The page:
Conservators criticised for 'not taking infestation and public health seriously' as rat cull continues


The Conservators of Therfield Heath and Greens have been criticised for keeping the car park opposite McDonald's open, amid the rat infestation.

The conservators released an initial statement informing residents of the rat baiting in the area around the Therfield Road cark park on April 18, in response to an order by North Herts District Council under the Pest Control Act 1949.

The process to rid the heath of the infestation involves poison being placed by pest controllers into secure bait boxes, which are then placed within the litter bins' bases. 

Speaking of authorising the use of the bromadiolone poison to cull colony of over 100 rats, the conservators said last week they were in a "difficult position, balancing the risks to humans and the heath’s wildlife and ecology"

Conservators chair Clare Swarbrick told the Crow last Friday: "Once NHDC contacted us under the Pest Control Act 1949 we had to act and during the risk assessment we looked at all the options and worked with a pest control expert."

There has been a mixed response to the conservators' actions, with the local wildlife group saying it was unfair they were bearing the brunt of the criticism when heath users not taking their rubbish home was where the infestation stemmed from. 

There has been criticism of the use of poison - which can risk secondary poisoning to birds - including protected birds, who could ingest the rats - and other animals who may come across the poison or rodents.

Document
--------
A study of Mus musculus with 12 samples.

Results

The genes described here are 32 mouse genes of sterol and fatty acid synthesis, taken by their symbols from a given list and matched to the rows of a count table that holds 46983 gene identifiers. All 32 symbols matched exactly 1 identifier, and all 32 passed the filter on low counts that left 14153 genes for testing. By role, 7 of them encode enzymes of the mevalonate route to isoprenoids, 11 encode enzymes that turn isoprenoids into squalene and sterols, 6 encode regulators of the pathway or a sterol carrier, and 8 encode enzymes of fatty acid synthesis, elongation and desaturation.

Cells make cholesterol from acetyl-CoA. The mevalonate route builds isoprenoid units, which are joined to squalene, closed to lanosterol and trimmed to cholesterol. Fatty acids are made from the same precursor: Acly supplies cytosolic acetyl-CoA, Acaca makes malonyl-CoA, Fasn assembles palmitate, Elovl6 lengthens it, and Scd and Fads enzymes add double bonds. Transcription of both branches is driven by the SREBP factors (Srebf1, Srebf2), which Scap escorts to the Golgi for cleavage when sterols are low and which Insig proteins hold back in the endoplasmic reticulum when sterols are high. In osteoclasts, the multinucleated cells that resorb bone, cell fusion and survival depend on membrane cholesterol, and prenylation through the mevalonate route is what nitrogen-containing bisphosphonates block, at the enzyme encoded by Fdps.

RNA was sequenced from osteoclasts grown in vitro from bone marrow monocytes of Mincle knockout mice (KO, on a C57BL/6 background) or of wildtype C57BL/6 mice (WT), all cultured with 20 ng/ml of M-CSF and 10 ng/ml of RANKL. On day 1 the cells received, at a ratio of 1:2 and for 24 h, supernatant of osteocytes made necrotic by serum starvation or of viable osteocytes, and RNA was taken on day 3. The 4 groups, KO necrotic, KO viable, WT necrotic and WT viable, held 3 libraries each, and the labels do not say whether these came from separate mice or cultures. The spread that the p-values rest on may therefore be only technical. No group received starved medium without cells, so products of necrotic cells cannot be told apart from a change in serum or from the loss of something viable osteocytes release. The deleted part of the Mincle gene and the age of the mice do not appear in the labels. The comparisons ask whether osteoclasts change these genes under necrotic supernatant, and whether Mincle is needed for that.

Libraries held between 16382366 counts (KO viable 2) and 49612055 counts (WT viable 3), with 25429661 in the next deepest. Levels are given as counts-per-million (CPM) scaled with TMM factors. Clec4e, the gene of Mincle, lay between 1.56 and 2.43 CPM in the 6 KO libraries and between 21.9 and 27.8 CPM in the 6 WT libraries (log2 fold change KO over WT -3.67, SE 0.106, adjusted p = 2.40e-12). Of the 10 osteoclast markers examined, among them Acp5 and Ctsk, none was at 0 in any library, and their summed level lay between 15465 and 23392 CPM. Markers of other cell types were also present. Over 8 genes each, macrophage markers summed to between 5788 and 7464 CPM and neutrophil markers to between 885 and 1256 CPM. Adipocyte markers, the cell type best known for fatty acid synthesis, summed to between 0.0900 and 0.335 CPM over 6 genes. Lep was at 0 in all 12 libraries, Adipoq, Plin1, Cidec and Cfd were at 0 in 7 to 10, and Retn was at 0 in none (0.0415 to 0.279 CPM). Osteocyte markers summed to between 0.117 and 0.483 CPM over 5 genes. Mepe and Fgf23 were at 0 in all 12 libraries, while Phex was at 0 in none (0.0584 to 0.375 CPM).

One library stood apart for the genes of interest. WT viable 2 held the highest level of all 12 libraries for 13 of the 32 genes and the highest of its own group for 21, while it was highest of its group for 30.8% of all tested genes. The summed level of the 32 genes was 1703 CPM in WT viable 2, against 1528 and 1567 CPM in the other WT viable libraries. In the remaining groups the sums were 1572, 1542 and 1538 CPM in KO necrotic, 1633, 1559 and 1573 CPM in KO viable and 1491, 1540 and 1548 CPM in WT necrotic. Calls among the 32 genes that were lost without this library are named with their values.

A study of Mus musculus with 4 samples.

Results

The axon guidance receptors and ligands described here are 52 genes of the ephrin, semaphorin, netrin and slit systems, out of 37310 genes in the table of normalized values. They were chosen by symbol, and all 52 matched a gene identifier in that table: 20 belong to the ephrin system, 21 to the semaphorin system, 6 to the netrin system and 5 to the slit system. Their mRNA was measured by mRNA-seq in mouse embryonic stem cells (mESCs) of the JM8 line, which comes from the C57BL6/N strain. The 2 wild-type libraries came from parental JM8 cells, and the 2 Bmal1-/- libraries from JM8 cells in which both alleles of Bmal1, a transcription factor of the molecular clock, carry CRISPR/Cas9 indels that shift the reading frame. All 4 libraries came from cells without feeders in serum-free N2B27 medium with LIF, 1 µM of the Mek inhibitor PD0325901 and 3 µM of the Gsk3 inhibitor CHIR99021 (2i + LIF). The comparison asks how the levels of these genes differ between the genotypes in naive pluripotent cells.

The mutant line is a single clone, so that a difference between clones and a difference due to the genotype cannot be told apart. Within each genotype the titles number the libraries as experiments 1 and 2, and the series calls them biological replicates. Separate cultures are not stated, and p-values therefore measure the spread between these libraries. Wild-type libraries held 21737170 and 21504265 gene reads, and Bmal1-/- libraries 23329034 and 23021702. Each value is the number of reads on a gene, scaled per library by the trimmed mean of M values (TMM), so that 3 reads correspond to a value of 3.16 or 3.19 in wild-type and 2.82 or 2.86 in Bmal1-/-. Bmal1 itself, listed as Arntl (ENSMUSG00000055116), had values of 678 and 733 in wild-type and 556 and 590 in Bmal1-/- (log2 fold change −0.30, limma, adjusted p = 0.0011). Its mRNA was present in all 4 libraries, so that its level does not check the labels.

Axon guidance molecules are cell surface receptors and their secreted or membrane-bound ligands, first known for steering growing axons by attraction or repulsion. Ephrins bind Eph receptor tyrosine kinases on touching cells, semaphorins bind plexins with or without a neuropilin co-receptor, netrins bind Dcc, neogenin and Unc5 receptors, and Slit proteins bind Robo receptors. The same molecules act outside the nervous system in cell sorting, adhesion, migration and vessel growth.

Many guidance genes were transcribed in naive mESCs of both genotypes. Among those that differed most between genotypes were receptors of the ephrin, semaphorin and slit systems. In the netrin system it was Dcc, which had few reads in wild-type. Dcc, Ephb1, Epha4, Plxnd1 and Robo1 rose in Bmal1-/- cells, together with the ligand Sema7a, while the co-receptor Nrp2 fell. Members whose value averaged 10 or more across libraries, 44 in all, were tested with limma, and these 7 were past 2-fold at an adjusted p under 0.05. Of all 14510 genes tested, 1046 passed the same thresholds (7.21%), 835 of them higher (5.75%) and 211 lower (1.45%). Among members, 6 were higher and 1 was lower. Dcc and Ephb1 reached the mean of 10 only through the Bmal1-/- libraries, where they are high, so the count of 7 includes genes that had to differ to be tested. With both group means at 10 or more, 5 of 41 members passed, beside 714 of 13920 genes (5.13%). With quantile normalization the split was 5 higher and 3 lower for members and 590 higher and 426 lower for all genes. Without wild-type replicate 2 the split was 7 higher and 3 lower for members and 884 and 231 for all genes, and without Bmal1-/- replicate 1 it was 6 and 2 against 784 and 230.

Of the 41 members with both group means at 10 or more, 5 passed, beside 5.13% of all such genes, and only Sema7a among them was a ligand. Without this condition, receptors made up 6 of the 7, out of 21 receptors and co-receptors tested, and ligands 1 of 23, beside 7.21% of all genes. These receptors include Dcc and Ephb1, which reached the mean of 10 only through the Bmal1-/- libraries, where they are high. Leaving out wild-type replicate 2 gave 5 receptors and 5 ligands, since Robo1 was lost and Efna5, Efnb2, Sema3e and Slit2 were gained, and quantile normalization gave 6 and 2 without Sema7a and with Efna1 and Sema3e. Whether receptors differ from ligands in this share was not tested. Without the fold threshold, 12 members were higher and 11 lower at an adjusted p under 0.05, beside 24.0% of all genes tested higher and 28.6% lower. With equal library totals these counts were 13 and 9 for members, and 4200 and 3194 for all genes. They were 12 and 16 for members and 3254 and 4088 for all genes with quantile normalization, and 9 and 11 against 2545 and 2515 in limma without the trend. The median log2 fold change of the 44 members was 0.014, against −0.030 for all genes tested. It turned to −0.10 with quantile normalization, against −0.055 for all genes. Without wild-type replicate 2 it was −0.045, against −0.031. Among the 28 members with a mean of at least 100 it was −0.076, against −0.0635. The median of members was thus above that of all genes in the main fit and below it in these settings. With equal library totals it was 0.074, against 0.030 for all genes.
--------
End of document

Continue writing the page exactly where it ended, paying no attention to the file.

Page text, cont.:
The poison is legal, but the Barn Owl Trust warns against using bromadiolone to exterminate rats. On the trust's website it states the poison is a "very toxic second-generation anti-coagulant. Inhumane. Death is very slow. Bait covering ineffective. High risk of secondary poisoning. Widely available. Avoid where Barn Owls are present."



Questions have also been asked about why the car park is still open, given the "risk to public health". 


"The conservators are not taking it seriously - what concerns me is it's a public health emergency and they are not acting like they've got a public health emergency.

"And laying down the poison is a bigger risk to wildlife and dogs. If the conservators and North Herts District Council want to show they are taking it seriously, close the car park and get rid of the waste."

Conservators chair Ms Swarbrick said: "The rat infestation is being taken seriously by the conservators. "All options were considered before taking action, including closing the car park to cut out food waste and litter.

"We discounted this idea initially due to the likely public safety issues this will cause when visitors cars are displaced on to Therfield Road, as well as the litter and uneaten food.

"Taking advice from a professional pest controller and working with Natural England, NHDC, the Health & Safety Executive and McDonald's, we were advised to adapt the existing bins to stop the rats getting in, and also put bait under the bins.

"We were strongly advised not to remove the bins in the first instance.

"Due to the seriousness of the problem, inspections are being made daily by at least one of the conservators as well as regular visits by our appointed pest controller. New rat resistant bins, sponsored by McDonald's are on order and will be installed as soon as possible.

"We may have to close the car park if the current measures don’t work. However, we hope to avoid this, and consider the measures taken to be the most appropriate at this time and will keep this under constant review after each of our daily visits."

Last week NHDC said: "It is the responsibility of each land owner to manage the infestation of pests on their land. If this is contracted out, the landowner is still responsible to ensure that any chemicals used are legally permissible and that the pest control processes followed are as safe as practicable, so as to ensure that the public and any non-target animal species are not endangered."

When the Crow told NHDC of concerns that the infestation was not being taken seriously, a spokeswoman said the authority had no further comment to add - reiterating "it is up to the owners of the land to decide on the most appropriate course of action to deal with the infestation, and DEFRA are responsible for policy on pesticides, for approval and enforcement."